I'm a big fan of so-called serverless architectures. The idea of these products is that developers don't have to think about spinning up servers to do some processing—rather a construct that goes something along the lines of "when trigger A happens, set off process B, and when process B is complete, your job is done" can be enabled.
Amazon Web Services (AWS) was the first of the public cloud vendors to launch a serverless offering, AWS Lambda. Since then, it is an approach other players have followed.
But while serverless offerings add massive value in terms of simplicity and economics, they provide challenges. The servers that run the actual code to process these events are not exposed to developers. As such, developers have zero visibility into how those servers are working and what they're up to.
So, it is interesting to see an announcement from cloud monitoring vendor Datadog today that they are rolling out an integration with AWS Lambda. What this means is developers can emit custom metrics specific to their Lambda functions, right from the functions, on top of monitoring the metrics provided via Amazon CloudWatch. Once collected, these metrics can be used to create visualizations and alerts alongside operational data from the rest of the infrastructure environment for actionable insight.
“Serverless architecture is ushering in a paradigm shift in cloud computing. Developers no longer have to provision or manage servers to execute their applications, and companies only pay when code is executed,” said Daniel Langer, product manager at Datadog. “With Datadog’s AWS Lambda integration, users can gain insight into their serverless application’s performance that was previously inaccessible.”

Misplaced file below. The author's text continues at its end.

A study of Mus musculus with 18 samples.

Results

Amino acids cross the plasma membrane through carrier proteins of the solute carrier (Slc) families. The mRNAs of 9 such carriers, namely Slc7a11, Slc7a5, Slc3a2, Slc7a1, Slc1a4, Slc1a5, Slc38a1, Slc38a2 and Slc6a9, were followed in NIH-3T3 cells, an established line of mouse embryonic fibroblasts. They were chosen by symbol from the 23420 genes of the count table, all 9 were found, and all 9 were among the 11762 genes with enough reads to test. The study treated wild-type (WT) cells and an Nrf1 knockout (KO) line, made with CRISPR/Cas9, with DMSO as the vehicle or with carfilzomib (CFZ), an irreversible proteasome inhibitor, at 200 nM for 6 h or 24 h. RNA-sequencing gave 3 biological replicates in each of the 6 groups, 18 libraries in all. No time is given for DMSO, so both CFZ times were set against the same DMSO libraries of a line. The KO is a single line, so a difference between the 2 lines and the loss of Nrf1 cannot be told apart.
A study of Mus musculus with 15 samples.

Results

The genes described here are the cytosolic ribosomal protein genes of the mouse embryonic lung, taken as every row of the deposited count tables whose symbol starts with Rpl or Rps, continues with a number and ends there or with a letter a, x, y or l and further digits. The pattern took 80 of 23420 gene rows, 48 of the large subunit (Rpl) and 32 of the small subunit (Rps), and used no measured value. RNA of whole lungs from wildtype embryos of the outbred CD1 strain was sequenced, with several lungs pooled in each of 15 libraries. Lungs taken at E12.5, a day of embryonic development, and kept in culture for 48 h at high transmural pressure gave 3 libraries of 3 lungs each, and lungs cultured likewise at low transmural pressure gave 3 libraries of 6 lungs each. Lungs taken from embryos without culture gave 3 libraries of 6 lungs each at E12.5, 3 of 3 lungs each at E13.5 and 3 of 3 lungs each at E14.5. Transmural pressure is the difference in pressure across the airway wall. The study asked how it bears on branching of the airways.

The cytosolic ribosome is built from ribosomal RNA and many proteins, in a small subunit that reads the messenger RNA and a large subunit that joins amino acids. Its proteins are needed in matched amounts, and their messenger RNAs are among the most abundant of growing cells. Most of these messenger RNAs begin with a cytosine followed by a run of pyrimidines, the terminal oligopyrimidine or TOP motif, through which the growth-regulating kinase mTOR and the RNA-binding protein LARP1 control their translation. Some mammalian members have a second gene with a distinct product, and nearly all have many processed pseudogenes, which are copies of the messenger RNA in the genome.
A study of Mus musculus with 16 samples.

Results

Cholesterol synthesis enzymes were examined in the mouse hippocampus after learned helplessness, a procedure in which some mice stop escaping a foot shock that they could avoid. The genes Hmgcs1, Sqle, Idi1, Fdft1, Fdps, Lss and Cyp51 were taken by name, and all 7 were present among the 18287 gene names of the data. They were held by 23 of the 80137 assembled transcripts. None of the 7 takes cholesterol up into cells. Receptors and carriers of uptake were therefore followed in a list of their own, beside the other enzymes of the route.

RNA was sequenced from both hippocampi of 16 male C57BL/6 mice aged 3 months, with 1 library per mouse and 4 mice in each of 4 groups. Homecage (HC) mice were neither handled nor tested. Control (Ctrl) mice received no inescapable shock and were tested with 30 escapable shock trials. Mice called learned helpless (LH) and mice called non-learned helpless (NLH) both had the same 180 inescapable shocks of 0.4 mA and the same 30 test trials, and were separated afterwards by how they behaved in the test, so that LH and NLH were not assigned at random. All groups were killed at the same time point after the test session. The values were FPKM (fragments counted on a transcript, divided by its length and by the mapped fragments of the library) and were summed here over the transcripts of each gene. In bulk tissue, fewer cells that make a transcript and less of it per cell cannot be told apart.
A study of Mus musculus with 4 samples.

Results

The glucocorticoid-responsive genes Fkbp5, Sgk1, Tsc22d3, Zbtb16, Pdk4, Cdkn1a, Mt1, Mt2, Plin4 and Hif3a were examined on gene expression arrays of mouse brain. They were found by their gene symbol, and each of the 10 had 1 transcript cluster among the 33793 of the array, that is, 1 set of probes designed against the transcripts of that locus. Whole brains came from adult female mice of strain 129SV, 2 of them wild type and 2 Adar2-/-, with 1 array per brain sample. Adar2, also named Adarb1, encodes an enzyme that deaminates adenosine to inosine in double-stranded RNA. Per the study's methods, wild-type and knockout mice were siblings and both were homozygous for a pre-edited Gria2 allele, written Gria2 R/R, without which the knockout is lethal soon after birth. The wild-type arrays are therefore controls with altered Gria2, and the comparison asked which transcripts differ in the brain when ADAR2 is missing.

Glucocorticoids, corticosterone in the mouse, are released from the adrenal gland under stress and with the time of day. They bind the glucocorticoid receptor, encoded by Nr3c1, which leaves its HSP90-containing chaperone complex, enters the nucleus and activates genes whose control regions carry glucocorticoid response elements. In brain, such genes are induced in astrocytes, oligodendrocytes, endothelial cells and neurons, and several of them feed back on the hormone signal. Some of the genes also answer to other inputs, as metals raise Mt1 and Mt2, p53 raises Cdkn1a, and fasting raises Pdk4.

This is an interesting piece of news for a couple of reasons. First, it is an indication of just how seriously customers regard these serverless approaches. It is only a couple of years since Lambda was introduced, but it has quickly moved on from being a very cool, but difficult to understand science project and is now fairly widely understood and adopted.
The second indicator is one relating to Datadog: This is still a very young company but one that has absolutely grown like the weeds. From very modest beginnings only a few short years ago, Datadog has grown to be seen as one of the more established cloud monitoring platforms. Indeed the list of AWS products it integrates with pretty much spans the entire AWS continuum.
Of course, that is necessary given that AWS offers its own monitoring solution, CloudWatch. But it is the added value on top of the basic metrics that Datadog is looking for, and it will be interesting to see what they do with the addition of Lambda information.